A forensics consult and security researcher who analyzed metadata from leaked photos of Kate Upton said that the photos appear to have been obtained using software intended for use by law enforcement officials, reports Wired. The software, Elcomsoft Phone Password Breaker (EPPB), allows users to download a complete backup of all data on an iPhone once the iCloud ID and password have been obtained.

If a hacker can obtain a user’s iCloud username and password with iBrute, he or she can log in to the victim’s iCloud.com account to steal photos. But if attackers instead impersonate the user’s device with Elcomsoft’s tool, the desktop application allows them to download the entire iPhone or iPad backup as a single folder, says Jonathan Zdziarski, a forensics consult and security researcher. That gives the intruders access to far more data, he says, including videos, application data, contacts, and text messages …

Effectively, an attacker can restore an iPhone to a folder, allowing them more convenient access to everything they would get by restoring to a new iPhone.

Although the $399 EPPB software created by a Moscow-based forensics company is intended to be sold only to law enforcement agencies, no credentials are required to purchase it, and pirate copies are also available on torrent sites.

On the web forum Anon-IB, one of the most popular anonymous image boards for posting stolen nude selfies, hackers openly discuss using a piece of software called EPPB to download their victims’ data from iCloud backups.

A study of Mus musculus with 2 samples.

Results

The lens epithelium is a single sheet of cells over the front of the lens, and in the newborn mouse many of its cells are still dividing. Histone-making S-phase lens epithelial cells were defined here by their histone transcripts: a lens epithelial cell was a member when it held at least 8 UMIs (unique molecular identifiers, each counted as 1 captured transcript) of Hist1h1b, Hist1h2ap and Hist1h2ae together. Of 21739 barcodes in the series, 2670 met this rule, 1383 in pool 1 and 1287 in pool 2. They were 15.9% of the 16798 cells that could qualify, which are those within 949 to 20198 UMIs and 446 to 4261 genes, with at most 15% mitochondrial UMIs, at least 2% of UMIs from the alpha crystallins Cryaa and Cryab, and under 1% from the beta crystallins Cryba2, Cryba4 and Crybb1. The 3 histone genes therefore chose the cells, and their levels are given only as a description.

There are even forum members who offer to obtain iPhone data for other people.

Many “rippers” on Anon-IB offer to pull nude photos on behalf of any other user who may know the target’s Apple ID and password. “Always free, fast and discreet. Will make it a lot easier if you have the password,” writes one hacker.

A report in the Daily Mail (via Business Insider) suggests that the man responsible for most of the leaked photos – who uses the handle OriginalGuy – was indeed a collector rather than a hacker.

“Guys, just to let you know I didn’t do this by myself. There are several other people who were in on it and I needed to count on to make this happened (sic). This is  the result of several months of long and hard work by all involved. We appreciate your donations and applaud your excitement.”

The post above makes it clear that the naked celebrity photographs were assembled over a period of months by a team of collectors who specialized in valuable celebrity pornography.

The software still requires the hacker to obtain the Apple ID and password of the target. Apple has denied suggestions that a vulnerability in Find My iPhone was used for brute-force password attacks, but obtaining further celebrity email addresses would be easy once the contacts of one well-connected celebrity have been accessed. It is also possible, perhaps likely, that easy-to-guess or research security questions were used.

Zdziarski notes that the software did not rely on any cooperation from Apple, but he thinks the company should make such access more difficult.

The Russian company’s tool, as Zdziarski describes it, doesn’t depend on any “backdoor” agreement with Apple and instead required Elcomsoft to fully reverse engineer Apple’s protocol for communicating between iCloud and its iOS devices. But Zdziarski argues that Apple could still have done more to make that reverse engineering more difficult or impossible.

One obvious step that Apple has not yet made would be to require two-factor authentication before restoring an iCloud backup to a device.

The FBI is currently leading the investigation into the leaked photos. Meantime, the full article over on Wired is worth reading.


Ben Lovejoy is a British technology writer and EU Editor for 9to5Mac. He’s known for his op-eds and diary pieces, exploring his experience of Apple products over time, for a more rounded review. He also writes fiction, with two technothriller novels, a couple of SF shorts and a rom-com!